Doctors are known for having exacting standards, for themselves and others. If they didn’t, they would have chosen an easier line of work, right? Still, Pam Cooper, owner of Watchung-based Cooper Interiors, wasn’t a bit intimidated when a young physician hired her to design his newly constructed Georgian brownstone townhouse in Passaic County. In fact, she jumped at the opportunity to decorate the three-level, 2,100-square-foot space—despite receiving little direction from the good doctor.
“He did not have time to collaborate due to his hectic schedule,” Cooper recalls, noting that the homeowner’s sole instruction to her was to incorporate grays and blacks while maintaining a welcoming environment. Though he was a single man, he wanted a fun and inviting space to entertain family and friends. “He gave me the keys and said he’d like to move in within two months. I feel that since he gave me full rein, it put more pressure on me to deliver a product I was confident he would love.”
She started with the home’s focal point, the main level on the second floor. “It’s one open space,” Cooper says, “so my challenge was to connect it visually while defining individual spaces.” Creating a comfortable setting in the living area was a priority, as her client often kicks back with friends for Sunday afternoon games. This meant mounting a TV on the wall, but it couldn’t be any flat, ordinary surface. “I designed a plank wall to give a visual feature point while warming up the space with handpicked stain colors,” she says.
Cooper carried the color and comfort theme throughout the living area, using gray and brown stain on the natural wood floor and furnishing with a pair of distressed leather armchairs as well as a plush couch by Bassett. She added more optical appeal with a live-edge coffee table handmade at Freehold-based Ingrained Custom Cabinetry. “They FaceTimed me while they were at the wood-slab lumber yard, and I picked out the species and shape of the wood,” the designer says. “This is a beautiful walnut slab.”
During commercial breaks in the living room, the homeowner’s guests can appreciate another of Cooper’s design achievements: the staircase wall.
“I designed a paneled feature on the upper and lower staircase walls to draw the eye to the back of the room and create depth and space,” she says. “It was a mathematical feat for my master carpenter, Barry Pitchford of Jud Bar Construction, to lay out the grids so it looks as if it is one continuous wall.”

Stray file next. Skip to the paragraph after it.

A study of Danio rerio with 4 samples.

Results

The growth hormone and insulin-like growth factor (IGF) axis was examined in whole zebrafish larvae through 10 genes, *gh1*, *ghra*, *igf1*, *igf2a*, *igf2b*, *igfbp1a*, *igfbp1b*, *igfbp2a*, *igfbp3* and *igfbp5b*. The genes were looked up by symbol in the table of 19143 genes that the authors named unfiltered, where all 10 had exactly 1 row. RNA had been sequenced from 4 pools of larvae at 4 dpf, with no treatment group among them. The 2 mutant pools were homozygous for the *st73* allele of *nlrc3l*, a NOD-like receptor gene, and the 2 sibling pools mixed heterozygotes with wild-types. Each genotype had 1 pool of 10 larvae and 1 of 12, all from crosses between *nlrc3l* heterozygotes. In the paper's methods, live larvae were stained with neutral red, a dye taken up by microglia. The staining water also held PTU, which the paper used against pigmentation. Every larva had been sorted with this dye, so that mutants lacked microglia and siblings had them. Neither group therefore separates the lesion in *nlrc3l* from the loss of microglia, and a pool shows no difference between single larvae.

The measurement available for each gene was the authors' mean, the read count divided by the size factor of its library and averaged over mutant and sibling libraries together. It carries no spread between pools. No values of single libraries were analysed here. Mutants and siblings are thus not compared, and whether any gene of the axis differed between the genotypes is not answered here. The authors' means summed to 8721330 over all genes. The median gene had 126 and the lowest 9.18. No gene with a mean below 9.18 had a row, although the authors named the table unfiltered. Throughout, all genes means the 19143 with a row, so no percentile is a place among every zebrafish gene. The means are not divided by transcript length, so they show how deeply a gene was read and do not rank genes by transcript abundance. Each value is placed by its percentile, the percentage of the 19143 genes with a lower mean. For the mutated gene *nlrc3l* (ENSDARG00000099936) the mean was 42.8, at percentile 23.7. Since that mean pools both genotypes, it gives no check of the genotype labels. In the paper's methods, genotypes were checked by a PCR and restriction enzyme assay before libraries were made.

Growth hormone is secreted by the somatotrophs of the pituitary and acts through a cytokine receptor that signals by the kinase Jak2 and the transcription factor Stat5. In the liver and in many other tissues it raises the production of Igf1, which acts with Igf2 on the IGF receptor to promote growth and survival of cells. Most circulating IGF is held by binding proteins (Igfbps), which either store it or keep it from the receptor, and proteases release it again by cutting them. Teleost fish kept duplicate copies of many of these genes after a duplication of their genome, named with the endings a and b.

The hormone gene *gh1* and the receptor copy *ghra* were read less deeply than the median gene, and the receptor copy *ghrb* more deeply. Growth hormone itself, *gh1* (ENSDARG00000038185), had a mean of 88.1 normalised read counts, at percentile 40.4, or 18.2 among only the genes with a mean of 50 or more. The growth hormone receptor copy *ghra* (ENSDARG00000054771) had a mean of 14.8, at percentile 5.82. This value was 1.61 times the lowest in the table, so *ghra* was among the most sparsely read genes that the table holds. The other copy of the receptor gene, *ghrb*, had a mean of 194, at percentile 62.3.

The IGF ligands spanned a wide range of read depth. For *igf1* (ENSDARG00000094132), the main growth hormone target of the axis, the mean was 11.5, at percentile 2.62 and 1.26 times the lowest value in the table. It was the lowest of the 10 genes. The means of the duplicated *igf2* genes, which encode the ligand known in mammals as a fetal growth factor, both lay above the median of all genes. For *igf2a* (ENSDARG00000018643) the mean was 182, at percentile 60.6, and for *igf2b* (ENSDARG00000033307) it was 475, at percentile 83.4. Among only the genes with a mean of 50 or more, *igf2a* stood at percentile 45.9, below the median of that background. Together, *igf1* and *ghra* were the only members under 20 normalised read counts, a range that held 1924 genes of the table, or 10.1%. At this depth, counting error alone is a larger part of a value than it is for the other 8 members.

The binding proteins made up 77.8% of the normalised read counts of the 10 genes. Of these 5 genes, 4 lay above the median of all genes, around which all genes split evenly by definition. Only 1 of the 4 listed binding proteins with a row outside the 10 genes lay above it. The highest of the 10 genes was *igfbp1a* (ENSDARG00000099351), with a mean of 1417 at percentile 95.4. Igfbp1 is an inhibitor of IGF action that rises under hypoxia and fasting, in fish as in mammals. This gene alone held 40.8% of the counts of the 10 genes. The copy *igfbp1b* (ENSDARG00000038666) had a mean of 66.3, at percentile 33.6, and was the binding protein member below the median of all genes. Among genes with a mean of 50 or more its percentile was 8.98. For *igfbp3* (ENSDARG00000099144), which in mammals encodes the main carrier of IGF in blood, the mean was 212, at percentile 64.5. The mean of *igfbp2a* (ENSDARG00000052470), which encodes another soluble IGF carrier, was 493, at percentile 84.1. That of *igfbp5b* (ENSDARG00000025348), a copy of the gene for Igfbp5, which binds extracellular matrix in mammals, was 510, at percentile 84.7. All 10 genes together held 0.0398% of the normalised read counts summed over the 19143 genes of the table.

When the game ends, entertaining moves to the kitchen. Cooper had two things in mind when she planned this space: It should be conducive to the ebb and flow of larger gatherings, but also feel intimate when the homeowner wanted to unwind after a busy day treating patients. In the middle is an 8-foot island topped with a minimal-design, durable gray quartz counter. It provides the majority of the kitchen’s surface area for food prep and serving, while doubling as a comfortable sitting area to enjoy morning coffee and read the day’s top stories. The color marries well with the stainless-steel appliances, wood-veneer, Shaker-style cabinets and ivory subway tile backsplash.
The kitchen expands beyond the adjacent dining area, which is furnished with a handsome live-edge table from Home Trends and six black leather chairs by Nuevo. Behind the table, Cooper created a dry bar for her bachelor client.
“This was a blank wall, and I wanted to extend the kitchen to allow for a wine fridge, wine storage and a coffee bar,” Cooper says. “This was the ideal area, since counter space is limited in the kitchen.” Three floating shelves provide storage and are fixed to a custom-designed wall that matches the one in the living room. “We decided to marry the rooms by incorporating the plank wall in both the living room and over the dry bar area that we created,” she says. “Visually this ties the two spaces together.”
The designer gave the lower level family room a man-cave vibe and embraced earth tones when selecting and designing pieces. She created a rustic and “manly” bookcase to frame the homeowner’s new 58-inch television, which was mounted on another textured wall. “I decided stone would be a nice natural contrast against the wood-stained bookcase.”
The client’s penchant for lounging came into play when Cooper selected furniture and accents. “Masculine rooms are ideally about all-around comfort,” she notes. “Part rustic and part modern, there is a delicate balance in the theme. We chose comfortable, deep furniture and a leather ottoman that he can put his feet on or use as extra seating.”
The living room does showcase a piece of the doctor’s softer side— framed shells on a neutral linen canvas adorn one of the walls. “One of the things the homeowner told me was that he loved the beach, so I snuck in a couple of items that nod to that feel without being the traditional pastel color theme.”
The same masculine-yet-sophisticated theme is carried into the third-floor master bedroom. The bed features a black worn-leather headboard with brass trim, a color combo replicated in two nightstands and a light fixture.
“I love to mix metals, and this was the perfect combination of iron frame and hardware with hand-applied antique brass powder-coat finish,” Cooper says of the accent pieces. For added visual interest, she covered the wall behind the headboard with a gray and black earthy grasscloth wallpaper.
“I like when there is a common thread to the home,” she adds.
And she did more than that, the homeowner notes. “Pam certainly delivered the wow factor,” he says.